MOVIES

After surviving on-set accidents, two stuntmen will be honored by peers.

May 25, 2007|Robert W. Welkos | Times Staff Writer

IT is the start of the summer movie season, when theater screens are filled with all manner of mayhem, when Hollywood movie stars electrify audiences in high-speed car chases, elaborate fight sequences and deafening explosions that send bodies hurtling through the air.

But two stuntmen who provide such thrills and chills admit they are lucky to be alive today. While rehearsing a scene last October as Bruce Willis' stunt double in "Live Free or Die Hard," Larry Rippenkroeger fell from a fire escape three stories to the pavement below. He managed to break his fall at the last second, but the impact smashed his face and left him unconscious.

As Johnny Depp's stunt double, Tony Angelotti was rehearsing a scene in July 2005 that involved high work on "Pirates of the Caribbean: Dead Man's Chest" when he went into a free fall, the cabling jerked to a stop, and his legs were pulled apart like a wishbone and his pelvis nearly ripped apart. He was left hanging by his foot. Angelotti and Rippenkroeger are being honored at the sixth annual Taurus World Stunt Awards airing tonight at 10:30 on AMC. The show, often referred to as the stunt world's equivalent of the Oscars, was taped Sunday night at Paramount Pictures in Hollywood.

Both men received a grant from the Taurus World Stunt Awards Foundation, which provides financial assistance to members of the World Stunt Academy who suffer debilitating stunt-related injuries. Speaking over lunch recently at the Hollywood Roosevelt Hotel, Angelotti and Rippenkroeger stressed that they aren't daredevils and that the stunts they perform are scrupulously rehearsed for safety reasons.

Before every stunt, Angelotti said, he asks himself: "If something goes bad, what's my out?"

But mistakes happen. Everyone who does stunt work knows the potential for danger. The first thing anyone asks when they hear about an injury or death is how it happened, so they can avoid a similar mistake.

Rippenkroeger, 50, is a four-time world jet ski champion from Sacramento who got into stunt work after being hired to ride jet skis in Kevin Costner's "Waterworld." That's the stuntman emerging from the sea with other jet skiers just as Costner's character goes overhead on the ocean's surface. In recent years, Rippenkroeger has worked chiefly as Willis' stunt double on films like "Sin City," "Hostage" and "The Whole Ten Yards."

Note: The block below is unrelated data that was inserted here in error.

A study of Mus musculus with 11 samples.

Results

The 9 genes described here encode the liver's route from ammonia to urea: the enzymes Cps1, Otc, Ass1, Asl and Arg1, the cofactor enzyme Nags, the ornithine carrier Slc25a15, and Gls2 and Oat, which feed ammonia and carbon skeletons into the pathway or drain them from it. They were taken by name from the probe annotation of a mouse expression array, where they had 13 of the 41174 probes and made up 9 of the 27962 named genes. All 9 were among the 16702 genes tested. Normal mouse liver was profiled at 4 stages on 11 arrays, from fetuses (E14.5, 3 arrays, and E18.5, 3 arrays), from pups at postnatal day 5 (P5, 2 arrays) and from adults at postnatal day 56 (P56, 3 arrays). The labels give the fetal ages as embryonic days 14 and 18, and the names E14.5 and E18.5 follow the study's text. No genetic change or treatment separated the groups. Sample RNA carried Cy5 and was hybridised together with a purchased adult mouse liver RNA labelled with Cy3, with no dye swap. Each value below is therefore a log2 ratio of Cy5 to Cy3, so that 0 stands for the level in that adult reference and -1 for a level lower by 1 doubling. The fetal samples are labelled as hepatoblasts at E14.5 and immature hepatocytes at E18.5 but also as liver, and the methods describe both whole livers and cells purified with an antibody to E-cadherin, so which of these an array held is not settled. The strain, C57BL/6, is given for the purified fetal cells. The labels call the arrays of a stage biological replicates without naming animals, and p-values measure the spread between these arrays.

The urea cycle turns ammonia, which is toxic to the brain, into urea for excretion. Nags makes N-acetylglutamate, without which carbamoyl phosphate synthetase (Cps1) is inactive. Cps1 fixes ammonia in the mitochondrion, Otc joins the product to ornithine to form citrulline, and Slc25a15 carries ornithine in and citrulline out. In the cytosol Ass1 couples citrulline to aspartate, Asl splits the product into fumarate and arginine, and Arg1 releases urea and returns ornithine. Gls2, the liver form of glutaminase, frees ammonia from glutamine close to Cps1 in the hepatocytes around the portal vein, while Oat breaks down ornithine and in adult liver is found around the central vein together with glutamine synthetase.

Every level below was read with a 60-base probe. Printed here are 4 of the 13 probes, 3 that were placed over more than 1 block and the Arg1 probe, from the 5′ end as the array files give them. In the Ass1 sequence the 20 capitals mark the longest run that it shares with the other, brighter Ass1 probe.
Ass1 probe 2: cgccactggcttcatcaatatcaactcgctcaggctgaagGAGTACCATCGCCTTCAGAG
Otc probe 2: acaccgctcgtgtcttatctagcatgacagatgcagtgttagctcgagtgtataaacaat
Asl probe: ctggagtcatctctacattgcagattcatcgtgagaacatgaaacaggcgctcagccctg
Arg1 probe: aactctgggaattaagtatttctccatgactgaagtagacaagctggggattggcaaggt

He still doesn't remember what happened to him, and noted that no one else who was nearby that day really saw it go down. But as he scrambled down a ladder during a night shoot on "Live Free or Die Hard" in downtown L.A., his foot either slipped off a rung or he made a "mis-grab."

"I fell from three stories high head first right to the street," he recalled. "I got my hands out in front of me, so I had compound fractures of both wrists, smashed the right side of my face, fractured my skull on the back of my head, couple of broken ribs and a punctured lung."

He underwent multiple surgeries on both wrists. "I'm kind of like the Terminator," he joked, lifting up both arms to show his wrists and then drawing a finger down his cheek. "I have lots of titanium in my face and within my wrists are plates and hardware. Bruce referred to me as the '$6-million man in 2007 dollars, not '70s dollars.' "

Angelotti, 39, is a native of Tallahassee, Fla., who became an award-winning gymnast at the University of Michigan. He fell into entertainment after auditioning for a job as a Moroccan tumbler in the "Indiana Jones" show at Disney World. He moved to Hollywood in 1994, performing a fight scene in a casino on "Melrose Place." Since then, his roles have included a thug dressed in black leather in "Batman Forever" and Anthony Hopkins' whip-snapping stunt double in "The Mask of Zorro."

Angelotti said he was injured while rehearsing in a giant hangar in Palmdale. The scene called for him to be hanging high in the air, parallel to the ground, wrapped around the waist. But instead of unraveling on his way down, he went into a free fall. When the decelerator kicked in, he had plunged 35 feet before being whipped to a stop like a yo-yo.

"I was harnessed from my side and down to my ankle on one side," he explained. "So, one side of me kept going and the other side stopped like a human wishbone." He was in intensive care for four days, lost 6 units of blood, was hospitalized 2 1/2 weeks and spent time in a wheelchair and walker before learning to walk again.

Both men say they suffer symptoms of post-traumatic stress. "The mental roller-coaster you go on is one of the hardest things," Rippenkroeger said. "The nightmares ... I would be drenched in sweat."

Added Angelotti: "I would wake up at 3 in the morning and the accident would be like reliving in my head and I couldn't get back to sleep. There's no explaining it. I still get them."

Neither stuntman says he intends to sue anybody over his injuries. Stunt people, they said, rarely sue because of a belief that they might not get future work if they do.